Dilshad Begum is no stranger to philanthropy. Social activist and a councillor on a reserved seat for women from Pabbi tehsil, Nowshera, the 65-year-old has devoted years to help those in need.
She has struggled to ensure children in the region have access to quality education.
“My mission is to see pens and not guns in the hands of young people,” she tells The Express Tribune. “If there is something that can bring change in our society, it is education.”
Unlike most children she has helped, Dilshad Begum has only completed her primary education. However, she wants children in Pabbi to go to school and gain the potential to excel.
Every year, Dilshad Begum oversees a checklist of arrangements to assist children who want to get an education. She has helped over 200 children obtain books, bags and uniforms. At least 15 children have been able to gain admission at various schools in Pabbi through her endeavours.
She is currently collecting funds for a student who has passed his entrance test for a medical college but cannot afford to study at the institute. Her efforts have not gone in vain as she has garnered the trust of her community through her generosity and goodwill. So far, many people have donated large sums of money to help the student get an education. Dilshad Begum has also encouraged girls who are unable to go to school to learn a skill.
The 65-year-old’s willingness to give back to the community does not end there. She has also installed 70 water pumps to provide clean water to various parts of the province. Dilshad Begum is a glaring testament to the belief that you do not need to run an NGO or rely on funds from other organisations to help people. On the contrary, the community can play a pivotal role to bring a positive change.
“There are some customs that have had a negative impact on society,” she says. “Many families cannot afford to pay dowry and therefore many young women cannot get married. I have made it a point to help women from underprivileged families get married.”
Dilshad Begum has helped 15 women in Pabbi pay for their wedding expenses and deal with the ever-increasing demands of dowry.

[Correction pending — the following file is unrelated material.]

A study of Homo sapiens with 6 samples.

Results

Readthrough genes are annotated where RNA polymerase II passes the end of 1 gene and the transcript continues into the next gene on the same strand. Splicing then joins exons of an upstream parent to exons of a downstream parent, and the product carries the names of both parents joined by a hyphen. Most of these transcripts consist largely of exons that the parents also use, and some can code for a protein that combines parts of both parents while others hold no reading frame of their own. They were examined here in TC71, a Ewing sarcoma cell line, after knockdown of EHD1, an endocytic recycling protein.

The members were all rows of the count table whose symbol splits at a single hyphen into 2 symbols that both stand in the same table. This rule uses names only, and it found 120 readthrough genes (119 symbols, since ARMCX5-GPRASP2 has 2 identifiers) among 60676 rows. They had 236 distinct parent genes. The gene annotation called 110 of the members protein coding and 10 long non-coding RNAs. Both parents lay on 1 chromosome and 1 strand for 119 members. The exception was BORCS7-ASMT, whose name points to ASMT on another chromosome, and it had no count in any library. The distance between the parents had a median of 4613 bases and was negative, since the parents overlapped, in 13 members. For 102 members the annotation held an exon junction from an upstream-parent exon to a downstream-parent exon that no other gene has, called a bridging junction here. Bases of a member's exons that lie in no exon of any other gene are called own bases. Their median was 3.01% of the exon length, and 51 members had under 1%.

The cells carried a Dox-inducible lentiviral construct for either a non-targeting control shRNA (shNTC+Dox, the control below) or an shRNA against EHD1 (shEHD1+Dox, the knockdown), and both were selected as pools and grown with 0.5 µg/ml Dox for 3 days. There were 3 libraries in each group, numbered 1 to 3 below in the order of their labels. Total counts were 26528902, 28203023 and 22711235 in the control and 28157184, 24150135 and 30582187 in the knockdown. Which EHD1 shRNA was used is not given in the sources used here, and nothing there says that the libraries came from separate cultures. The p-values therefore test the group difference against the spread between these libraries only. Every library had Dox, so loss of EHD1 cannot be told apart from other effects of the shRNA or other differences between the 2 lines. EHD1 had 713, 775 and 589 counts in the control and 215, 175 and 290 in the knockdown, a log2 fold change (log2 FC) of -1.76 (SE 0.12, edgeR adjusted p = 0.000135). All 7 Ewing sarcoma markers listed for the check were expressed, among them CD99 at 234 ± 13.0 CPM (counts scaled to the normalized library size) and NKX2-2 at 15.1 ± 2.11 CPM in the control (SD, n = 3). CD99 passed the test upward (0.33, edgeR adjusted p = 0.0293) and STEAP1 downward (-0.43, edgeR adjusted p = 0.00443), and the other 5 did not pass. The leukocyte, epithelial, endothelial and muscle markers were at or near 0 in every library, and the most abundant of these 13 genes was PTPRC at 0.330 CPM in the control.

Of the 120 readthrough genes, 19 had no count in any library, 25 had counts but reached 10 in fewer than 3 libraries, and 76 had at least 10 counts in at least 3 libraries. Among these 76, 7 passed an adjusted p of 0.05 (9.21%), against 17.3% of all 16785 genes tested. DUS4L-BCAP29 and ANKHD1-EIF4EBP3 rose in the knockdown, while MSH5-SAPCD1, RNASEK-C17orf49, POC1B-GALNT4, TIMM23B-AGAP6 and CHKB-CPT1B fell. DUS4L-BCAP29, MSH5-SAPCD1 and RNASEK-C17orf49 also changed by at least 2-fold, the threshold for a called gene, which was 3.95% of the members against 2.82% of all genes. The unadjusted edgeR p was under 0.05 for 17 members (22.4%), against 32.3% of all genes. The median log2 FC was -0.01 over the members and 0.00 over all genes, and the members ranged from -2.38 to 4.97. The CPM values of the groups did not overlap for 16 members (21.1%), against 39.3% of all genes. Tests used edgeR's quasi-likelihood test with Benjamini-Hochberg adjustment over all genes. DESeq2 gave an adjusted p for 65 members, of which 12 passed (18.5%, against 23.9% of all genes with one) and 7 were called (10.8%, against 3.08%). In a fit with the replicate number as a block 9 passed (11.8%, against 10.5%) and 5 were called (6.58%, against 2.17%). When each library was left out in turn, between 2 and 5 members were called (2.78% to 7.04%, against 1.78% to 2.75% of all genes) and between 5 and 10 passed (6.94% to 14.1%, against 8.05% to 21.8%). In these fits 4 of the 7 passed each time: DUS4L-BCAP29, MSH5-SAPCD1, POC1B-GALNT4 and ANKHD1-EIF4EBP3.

“Only education can change people’s perceptions,” he said.
Into the fray
Before she was elected on the women’s seat, the 65-year-old dabbled in politics as she believed it was a suitable avenue to help people. She was inspired by two of her relatives, Ghaniur Rahman and Fazli Raheem, who were actively involved in the Khudai Khidmatgar Movement.
Dilshad Begum took part in the 2008 general elections as an independent candidate and won by a landslide even though she was pitted against stalwarts such as Awami National Party leader Mian Iftikhar Hussain. She was voted in once again during the local bodies’ polls in 2015. “It was the love and confidence of the people that helped me win both elections,” she explains. “If the people want to earn their rights, they have to actively engage in political activities.”
She adds, “I am grateful people have appreciated my work and I will continue to work for them.”
A woman’s world
According to Dilshad Begum, women must raise their voice to secure their rights.
“No one will come forward and give them what they deserve,” she says. “Women in most villages of the province have not only been deprived of their rights but also lack awareness about them.” Dilshad Begum added, “Women who have been elected on reserved seats should instil the seeds of change at the village level. Women in villages have the ability to push for change. All they need is the courage to pursue this objective.”
Published in The Express Tribune, October 15th, 2015.